Let’s outline a few things about where we stand a week ahead of the NFL Draft. It’s not all sunshine and roses, Colts fans. It’s also not all gloom and doom.
There remains a significant gap between the way some view the Colts and abject reality, though.
So, just the facts. The Indianapolis Colts do not currently have a favorite to occupy the left tackle role after Anthony Castonzo’s retirement. The Colts haven’t added any free agents of note, instead using their money to retain defensive backs TJ Carrie and Xavier Rhodes. The Colts also haven’t executed any of the extensions they reportedly have earmarked for players like Darius Leonard and Quenton Nelson.
We’ve never understood why the Colts were reportedly not among the six finalists for star Ravens OT Orlando Brown’s services, but that’s no longer a top-of-mind concern, seeing as the Chiefs pulled off a deal instead Friday.
Brown will now insulate Patrick Mahomes at a high cost, though he’ll also fill an obvious need, based on last year’s Super Bowl.
Who’ll fill the equally-obvious need on Indianapolis’ O-Line? Well…some rookie, probably.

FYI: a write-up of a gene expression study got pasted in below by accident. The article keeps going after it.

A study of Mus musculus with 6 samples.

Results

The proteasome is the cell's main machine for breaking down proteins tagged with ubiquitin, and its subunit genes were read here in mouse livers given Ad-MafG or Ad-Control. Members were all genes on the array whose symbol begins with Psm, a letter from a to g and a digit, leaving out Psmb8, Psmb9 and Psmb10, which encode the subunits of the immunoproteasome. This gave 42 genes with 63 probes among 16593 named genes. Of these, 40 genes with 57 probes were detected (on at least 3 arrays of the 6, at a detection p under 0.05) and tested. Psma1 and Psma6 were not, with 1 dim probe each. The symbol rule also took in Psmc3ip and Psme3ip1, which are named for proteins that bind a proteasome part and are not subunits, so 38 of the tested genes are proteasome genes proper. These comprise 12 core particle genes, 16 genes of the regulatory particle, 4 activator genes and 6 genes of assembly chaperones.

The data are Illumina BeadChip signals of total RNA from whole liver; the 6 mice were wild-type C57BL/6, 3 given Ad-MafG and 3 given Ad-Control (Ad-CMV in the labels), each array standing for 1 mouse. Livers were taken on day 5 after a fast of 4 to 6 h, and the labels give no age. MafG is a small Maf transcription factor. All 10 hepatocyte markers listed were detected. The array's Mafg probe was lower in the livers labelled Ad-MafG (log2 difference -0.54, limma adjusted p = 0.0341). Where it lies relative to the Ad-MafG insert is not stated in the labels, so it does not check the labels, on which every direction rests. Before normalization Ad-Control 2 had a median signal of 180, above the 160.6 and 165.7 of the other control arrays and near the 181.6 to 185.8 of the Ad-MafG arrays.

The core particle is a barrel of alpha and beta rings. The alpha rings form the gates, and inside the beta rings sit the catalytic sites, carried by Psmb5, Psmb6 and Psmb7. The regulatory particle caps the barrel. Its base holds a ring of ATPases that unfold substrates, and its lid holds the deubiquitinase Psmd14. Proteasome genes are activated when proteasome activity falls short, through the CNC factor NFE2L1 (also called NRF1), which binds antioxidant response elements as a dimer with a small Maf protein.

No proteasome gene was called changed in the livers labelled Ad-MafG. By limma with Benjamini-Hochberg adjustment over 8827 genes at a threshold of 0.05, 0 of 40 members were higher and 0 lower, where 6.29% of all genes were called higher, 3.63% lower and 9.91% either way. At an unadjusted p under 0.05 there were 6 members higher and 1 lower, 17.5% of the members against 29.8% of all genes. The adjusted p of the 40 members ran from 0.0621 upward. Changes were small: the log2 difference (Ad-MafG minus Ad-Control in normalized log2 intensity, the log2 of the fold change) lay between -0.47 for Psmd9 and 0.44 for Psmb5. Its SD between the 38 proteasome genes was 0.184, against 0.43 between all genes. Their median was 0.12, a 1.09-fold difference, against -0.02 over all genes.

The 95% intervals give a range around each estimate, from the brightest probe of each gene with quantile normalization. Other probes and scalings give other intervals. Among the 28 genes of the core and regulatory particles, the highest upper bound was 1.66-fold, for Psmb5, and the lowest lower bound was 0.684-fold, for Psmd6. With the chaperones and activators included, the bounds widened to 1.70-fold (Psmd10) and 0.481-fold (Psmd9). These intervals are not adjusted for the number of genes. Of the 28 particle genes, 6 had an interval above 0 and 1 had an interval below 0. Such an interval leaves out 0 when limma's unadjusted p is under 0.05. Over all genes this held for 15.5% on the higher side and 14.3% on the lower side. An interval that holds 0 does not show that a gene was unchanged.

The Kansas City Chiefs stole Orlando Brown. The Colts didn’t.
Did it cost the moon? Sure. Depends on how you define it.
Kansas City parlayed a back-of-the-first-round pick and some mid-round capital (to be fair, three picks in the 2021 draft is plenty) into a top-rated, 32-year-old tackle. Costly without a doubt, but this Chiefs team would like to win more Super Bowls now, please. You can’t argue they aren’t still well-stacked for the future, too, with Patrick Mahomes under center permanently. More draft picks will eventually come.
This year was about maximizing a championship window while every core offensive piece is still in their prime.
What about in Indianapolis? Well, it’s a very good roster, but clearly one that lines up behind KC’s as long as Mahomes has enough time to operate.
Chris Ballard can profess as much faith as he wants to in the lottery ticket lineman he’s picked up so far this offseason. He also knows that a “good drafter” is typically just…the man with the most draft picks. Draft efficiency is sort of just a myth.
At the end of the year, though, will he just be the GM who impressed everyone with a fourth-round steal, but didn’t reach Championship Weekend? Is that really a badge of honor?
More importantly, why wasn’t Indianapolis in the top six chasing after Brown? Is he more deeply flawed than we’d like to admit? Or is Ballard that confident in the status quo?